Boris Johnson’s government faces a diplomatic storm with Spain and warnings that its policy on travel to the country risks major damage to business and confusion for holidaymakers.
The Foreign and Commonwealth Office (FCO) has warned against all but essential travel to Spain’s Balearic and Canary Islands, having already issued the same advice for the mainland.
Travellers from all parts of Spain are required to quarantine for a fortnight on arrival in the UK, a change imposed at short notice over the weekend.
Spain’s prime minister Pedro Sanchez described the latest move as an “error”.
He pointed out that the upsurge in coronavirus cases is focused in two regions, Catalonia and Aragon, adding: “In most of Spain, the incidence is very much inferior to even the numbers registered in the United Kingdom.”
Madrid had been urging the UK to exclude the Canaries and Balearics – which include popular tourist resorts on Ibiza, Majorca and Menorca – from its quarantine requirements.
But instead, official travel advice was tightened to bring the islands in line with the Spanish mainland.
The UK government rejected the Spanish criticism of its response.
Local government minister Simon Clarke told BBC Breakfast: “We respectfully disagree with the Spanish government’s position on this.
“We obviously continue to work closely with them and we wish them every success in managing this outbreak, but we’ve seen a very sharp increase in cases in Spain.
“A 75% increase in cases reported between the middle of last week and the end of last week. That’s why we took the action that we have.
“Clearly, you do have to make decisions on a country-wide basis. There is going to be internal transfer within Spain and it’s important that we do our utmost to protect the public.”
The decision to impose quarantine restrictions was made after England’s chief medical officer Chris Whitty reportedly told ministers that 10 Britons who tested positive for coronavirus after 1 July had reported visiting Spain in the 14 days before their test.
Clarke would not be drawn on the specific report but told BBC’s Today it was an “entirely plausible scenario that people have returned to the UK carrying the virus” as a result of the outbreak in Spain.
Britons make up over a fifth of foreign visitors to Spain, which relies heavily on tourism, and Madrid has said the UK government gave it no warning that the quarantine move was coming last weekend.
Travel firm TUI UK cancelled all holidays to the Balearic Islands and Canary Islands after the FCO’s updated travel advice.
TUI’s decision runs from Tuesday 28 July up to and including Friday 31 July.
Holidays to Spain’s mainland were already cancelled from Sunday 26 July up to and including Sunday 9 August.
“All customers due to travel to Spanish destinations between Sunday 26 July and Sunday 9 August will be able to cancel or amend their holiday and will be able to receive a full refund or the option to rebook their holiday with a booking incentive,” TUI UK said.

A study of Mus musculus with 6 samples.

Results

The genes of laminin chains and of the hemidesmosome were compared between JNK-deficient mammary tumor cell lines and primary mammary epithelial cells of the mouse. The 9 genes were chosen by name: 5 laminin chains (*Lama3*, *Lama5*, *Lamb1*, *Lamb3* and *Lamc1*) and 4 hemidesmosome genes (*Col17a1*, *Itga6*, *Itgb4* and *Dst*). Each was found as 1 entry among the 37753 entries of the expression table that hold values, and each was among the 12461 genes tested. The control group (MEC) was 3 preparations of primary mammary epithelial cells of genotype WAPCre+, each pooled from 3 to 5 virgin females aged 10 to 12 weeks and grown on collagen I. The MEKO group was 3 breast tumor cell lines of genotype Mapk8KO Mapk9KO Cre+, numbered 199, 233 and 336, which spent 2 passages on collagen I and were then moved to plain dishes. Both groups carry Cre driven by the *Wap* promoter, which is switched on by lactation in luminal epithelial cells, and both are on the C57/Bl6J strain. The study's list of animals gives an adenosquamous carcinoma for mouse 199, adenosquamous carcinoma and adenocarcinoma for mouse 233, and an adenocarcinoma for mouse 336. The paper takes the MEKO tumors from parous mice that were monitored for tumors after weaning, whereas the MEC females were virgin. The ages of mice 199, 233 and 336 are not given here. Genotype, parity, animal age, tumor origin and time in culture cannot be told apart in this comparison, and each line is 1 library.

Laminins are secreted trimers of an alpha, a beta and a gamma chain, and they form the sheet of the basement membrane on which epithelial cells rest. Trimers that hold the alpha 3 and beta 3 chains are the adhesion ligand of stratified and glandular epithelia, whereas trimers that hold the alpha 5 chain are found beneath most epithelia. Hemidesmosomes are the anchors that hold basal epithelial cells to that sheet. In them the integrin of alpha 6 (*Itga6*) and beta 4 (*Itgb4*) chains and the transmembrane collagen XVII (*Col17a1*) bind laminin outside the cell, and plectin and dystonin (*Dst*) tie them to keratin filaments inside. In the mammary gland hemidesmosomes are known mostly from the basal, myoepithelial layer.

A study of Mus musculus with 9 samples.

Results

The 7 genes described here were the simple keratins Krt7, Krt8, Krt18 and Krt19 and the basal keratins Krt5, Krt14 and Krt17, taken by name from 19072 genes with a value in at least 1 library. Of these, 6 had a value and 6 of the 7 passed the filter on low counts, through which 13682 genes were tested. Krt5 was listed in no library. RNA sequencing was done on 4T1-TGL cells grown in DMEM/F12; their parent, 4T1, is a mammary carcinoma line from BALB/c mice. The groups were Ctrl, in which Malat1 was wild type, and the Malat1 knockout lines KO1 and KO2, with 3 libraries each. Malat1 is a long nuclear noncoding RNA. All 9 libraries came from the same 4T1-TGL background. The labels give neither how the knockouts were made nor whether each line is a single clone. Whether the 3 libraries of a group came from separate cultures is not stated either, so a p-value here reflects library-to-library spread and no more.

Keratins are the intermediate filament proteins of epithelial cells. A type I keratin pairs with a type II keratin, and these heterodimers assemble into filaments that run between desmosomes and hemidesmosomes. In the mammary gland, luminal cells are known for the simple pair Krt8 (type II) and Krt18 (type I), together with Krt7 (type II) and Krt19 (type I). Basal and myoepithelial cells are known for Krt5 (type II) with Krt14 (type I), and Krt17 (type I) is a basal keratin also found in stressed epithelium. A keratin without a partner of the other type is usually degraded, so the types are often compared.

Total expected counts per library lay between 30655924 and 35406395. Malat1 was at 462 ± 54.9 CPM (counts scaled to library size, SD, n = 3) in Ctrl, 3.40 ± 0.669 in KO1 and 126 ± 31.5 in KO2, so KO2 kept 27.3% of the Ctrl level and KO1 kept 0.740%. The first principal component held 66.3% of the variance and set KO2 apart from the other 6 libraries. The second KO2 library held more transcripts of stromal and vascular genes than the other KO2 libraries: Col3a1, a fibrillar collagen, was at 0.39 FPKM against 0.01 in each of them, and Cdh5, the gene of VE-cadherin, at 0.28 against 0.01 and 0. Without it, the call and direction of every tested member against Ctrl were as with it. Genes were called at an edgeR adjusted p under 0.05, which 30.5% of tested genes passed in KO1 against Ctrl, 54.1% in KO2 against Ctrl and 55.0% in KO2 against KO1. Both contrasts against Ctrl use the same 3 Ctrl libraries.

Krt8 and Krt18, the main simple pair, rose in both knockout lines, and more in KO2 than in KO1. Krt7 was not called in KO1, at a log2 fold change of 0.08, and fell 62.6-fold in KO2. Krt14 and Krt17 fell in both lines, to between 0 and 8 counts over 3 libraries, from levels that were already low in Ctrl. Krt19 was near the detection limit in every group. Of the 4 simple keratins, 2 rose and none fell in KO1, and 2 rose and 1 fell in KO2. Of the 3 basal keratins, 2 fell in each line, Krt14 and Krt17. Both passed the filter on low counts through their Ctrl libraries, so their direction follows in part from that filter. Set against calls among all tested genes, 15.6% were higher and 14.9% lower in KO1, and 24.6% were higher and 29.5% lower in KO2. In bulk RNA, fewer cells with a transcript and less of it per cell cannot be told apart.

The company added: “The UK government must work closely with the travel industry as this level of uncertainty and confusion is damaging for business and disappointing for those looking forward to a well-deserved break.”
Jet2 also said that it was cancelling flights to a raft of destinations in Spain from Tuesday after the FCO announcement.
Rory Boland, Which? travel editor, said: “This is the third announcement we’ve heard from the government regarding travel to Spain in the last three days. Hundreds of thousands of UK holidaymakers in Spain or about to fly are utterly confused.”
Labour said the government must abandon its one-size-fits-all approach and introduce sectoral support for struggling businesses to ensure that public health measures such as the change in quarantine rules for people returning from Spain do not lead to mass job losses.
Labour’s shadow transport secretary Jim McMahon said: “The government’s handling of this issue has been nothing short of chaotic. The airline industry and passengers need clarity.
“The government must focus support on the sectors that desperately need it, like aviation, aerospace and its supply chain, which supports almost a quarter of a million jobs, with strict climate conditions and ensuring the gains are shared with the public.”
Meanwhile, the Daily Telegraph reported that quarantine for people arriving from Spain or other countries with high coronavirus levels could be cut to 10 days under plans being looked at by ministers.
Returned travellers would need to quarantine for eight days before being tested, and then only remain in quarantine for another two days should they test negative.
The paper reports the government is also considering instructing everyone who has returned from Spain since 23 July to get tested.
Speaking on BBC Radio Scotland’s Good Morning Scotland programme, Cabinet Office minister Michael Gove described the story as “speculation”.
He said: “We took the decision across the UK on Saturday that the situation in Spain was sufficiently concerning for us to require people, including people returning from the islands… to self-isolate for 14 days.
“The UK government discussed this approach with the Scottish government, the Welsh government and the Northern Ireland executive and we all agreed that the evidence was compelling and we all agreed to put public health first.”
He added: “The situation remains that 14 days quarantine if you’re returning from a country like Spain where there’s a high and rising instance of the virus is the best way to keep everyone safe.”
In better news for holidaymakers, five more countries were added to the quarantine exemption list on Tuesday – Estonia, Latvia, Slovenia, Slovakia and St Vincent and the Grenadines.